The University of Wisconsin is once again placed at the bottom of the list of Big Ten chief executive compensations, according to a survey released by The Chronicle for Higher Education.
According to the report, former UW Chancellor John Wiley was paid $358,745 in total compensation for the 2007-08 fiscal years, which is $396,255 less than the highest paid chief executive in the Big Ten at Ohio State University but still $17,250 more than he was awarded the previous fiscal year.
“I think across the University of Wisconsin System we have historically been below the median in terms of chancellor compensation,” Board of Regents Vice President Chuck Pruitt said. “We have been trying over the last three to four years in particular to look at that issue, and we’ve been trying to do modest increases because we recognize obviously now the difficult economic times we’re facing.”
The study consisted of 152 public universities with total enrollments of more than 10,000 students. The institutions were required to fit the specifications of research or doctoral-research universities by the Carnegie Foundation for the Advancement of Teaching.
UW System spokesperson David Giroux said when the university hired Chancellor Biddy Martin the regents made a “conscious” decision to pay her at the midpoint of her peers. Martin currently makes $437,000 annually at UW, which is approximately $97,488 less than what she pulled in at Cornell University in 2005-06.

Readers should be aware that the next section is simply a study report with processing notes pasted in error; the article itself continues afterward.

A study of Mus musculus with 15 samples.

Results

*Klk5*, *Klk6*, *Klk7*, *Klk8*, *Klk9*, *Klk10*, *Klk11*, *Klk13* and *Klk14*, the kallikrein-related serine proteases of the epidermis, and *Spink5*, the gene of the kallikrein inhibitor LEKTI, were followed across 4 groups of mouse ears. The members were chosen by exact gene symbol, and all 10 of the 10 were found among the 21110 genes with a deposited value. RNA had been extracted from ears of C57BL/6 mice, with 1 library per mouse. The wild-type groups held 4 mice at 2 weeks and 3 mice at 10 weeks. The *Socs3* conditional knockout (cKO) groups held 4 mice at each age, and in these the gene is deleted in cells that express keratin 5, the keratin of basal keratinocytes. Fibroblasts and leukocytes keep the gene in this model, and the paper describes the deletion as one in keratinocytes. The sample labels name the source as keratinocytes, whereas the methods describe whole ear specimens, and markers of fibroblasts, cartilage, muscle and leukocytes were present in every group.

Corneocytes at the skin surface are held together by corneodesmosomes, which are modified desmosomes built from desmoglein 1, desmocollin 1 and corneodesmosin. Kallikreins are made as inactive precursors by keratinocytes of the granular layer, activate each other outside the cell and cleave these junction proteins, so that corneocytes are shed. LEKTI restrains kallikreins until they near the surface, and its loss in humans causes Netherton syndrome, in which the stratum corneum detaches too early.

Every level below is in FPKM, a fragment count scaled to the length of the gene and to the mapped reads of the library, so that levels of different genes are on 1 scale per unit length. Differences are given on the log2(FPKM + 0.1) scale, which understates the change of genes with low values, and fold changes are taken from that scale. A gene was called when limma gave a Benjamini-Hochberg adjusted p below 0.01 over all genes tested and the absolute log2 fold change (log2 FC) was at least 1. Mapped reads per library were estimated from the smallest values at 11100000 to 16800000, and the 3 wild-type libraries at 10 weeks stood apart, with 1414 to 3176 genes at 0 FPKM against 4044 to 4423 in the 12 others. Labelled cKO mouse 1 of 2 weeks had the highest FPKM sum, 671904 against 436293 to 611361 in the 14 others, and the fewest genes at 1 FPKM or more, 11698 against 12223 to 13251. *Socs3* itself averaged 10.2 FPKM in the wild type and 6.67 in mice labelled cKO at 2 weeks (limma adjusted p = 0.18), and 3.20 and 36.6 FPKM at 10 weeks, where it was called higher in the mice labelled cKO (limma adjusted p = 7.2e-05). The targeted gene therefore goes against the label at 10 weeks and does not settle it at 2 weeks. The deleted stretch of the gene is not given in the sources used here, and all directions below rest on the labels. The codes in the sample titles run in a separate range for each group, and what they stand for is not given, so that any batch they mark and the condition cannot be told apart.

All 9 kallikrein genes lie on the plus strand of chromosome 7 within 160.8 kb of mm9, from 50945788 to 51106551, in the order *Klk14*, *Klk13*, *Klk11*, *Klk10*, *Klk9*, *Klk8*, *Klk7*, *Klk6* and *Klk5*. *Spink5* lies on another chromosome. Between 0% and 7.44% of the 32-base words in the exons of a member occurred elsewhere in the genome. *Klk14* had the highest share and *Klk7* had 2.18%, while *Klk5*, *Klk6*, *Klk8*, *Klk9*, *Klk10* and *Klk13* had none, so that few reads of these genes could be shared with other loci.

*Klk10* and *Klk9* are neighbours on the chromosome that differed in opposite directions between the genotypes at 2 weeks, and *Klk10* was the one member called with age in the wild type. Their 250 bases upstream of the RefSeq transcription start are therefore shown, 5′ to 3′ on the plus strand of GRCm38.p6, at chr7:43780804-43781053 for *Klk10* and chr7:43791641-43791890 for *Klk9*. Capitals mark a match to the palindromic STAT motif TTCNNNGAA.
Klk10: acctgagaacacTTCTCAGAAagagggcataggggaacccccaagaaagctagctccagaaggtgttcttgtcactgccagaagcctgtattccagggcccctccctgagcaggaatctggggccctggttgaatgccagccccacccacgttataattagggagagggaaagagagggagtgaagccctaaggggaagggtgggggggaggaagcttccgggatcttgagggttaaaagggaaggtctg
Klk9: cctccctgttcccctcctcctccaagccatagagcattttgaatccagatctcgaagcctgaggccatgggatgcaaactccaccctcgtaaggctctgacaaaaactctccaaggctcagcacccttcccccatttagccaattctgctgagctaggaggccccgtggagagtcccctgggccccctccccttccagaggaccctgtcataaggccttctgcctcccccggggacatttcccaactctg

“If we look at Chancellor Santiago at UW-Milwaukee, I’m not sure if he’s even at the midpoint,” Giroux said. “But the board has been working methodically over the past several years to gradually bring our executive compensation up.”
UW System President Kevin Reilly and his wife announced they would donate all of his recent salary increase of $70,000 to need-based financial aid scholarships for UW System students set up through a fund he previously set up through the UW Foundation, Giroux said.
But Giroux added being positioned at the bottom of peer institutions in terms of chief executive compensation puts not only UW at risk of losing talented professionals, but the rest of the system as well.
“That talent may be lost in the laboratory, that talent may be lost in our classrooms, that talent may be lost in our boardrooms,” Giroux said. “But lost talent is lost talent, and we need to recognize that when we lose people or don’t compete effectively that has an impact on our students and our campuses.”
While Pruitt said compensation is a key aspect to attracting and retaining premier faculty and leaders, he added other factors play a part.
Pruitt said quality of institution and faculty, superiority of the administrative leadership, location of the institution, degree of research the institution provides and support from alumni are all vital elements that allow the university to succeed.
“I don’t think the compensation has any direct effect on the students. I think what has the direct effect on students is the quality of the chancellors,” Pruitt added. “Despite the fact that our compensation does not rank among the top, we have terrific chancellors. I think that’s the most important thing.”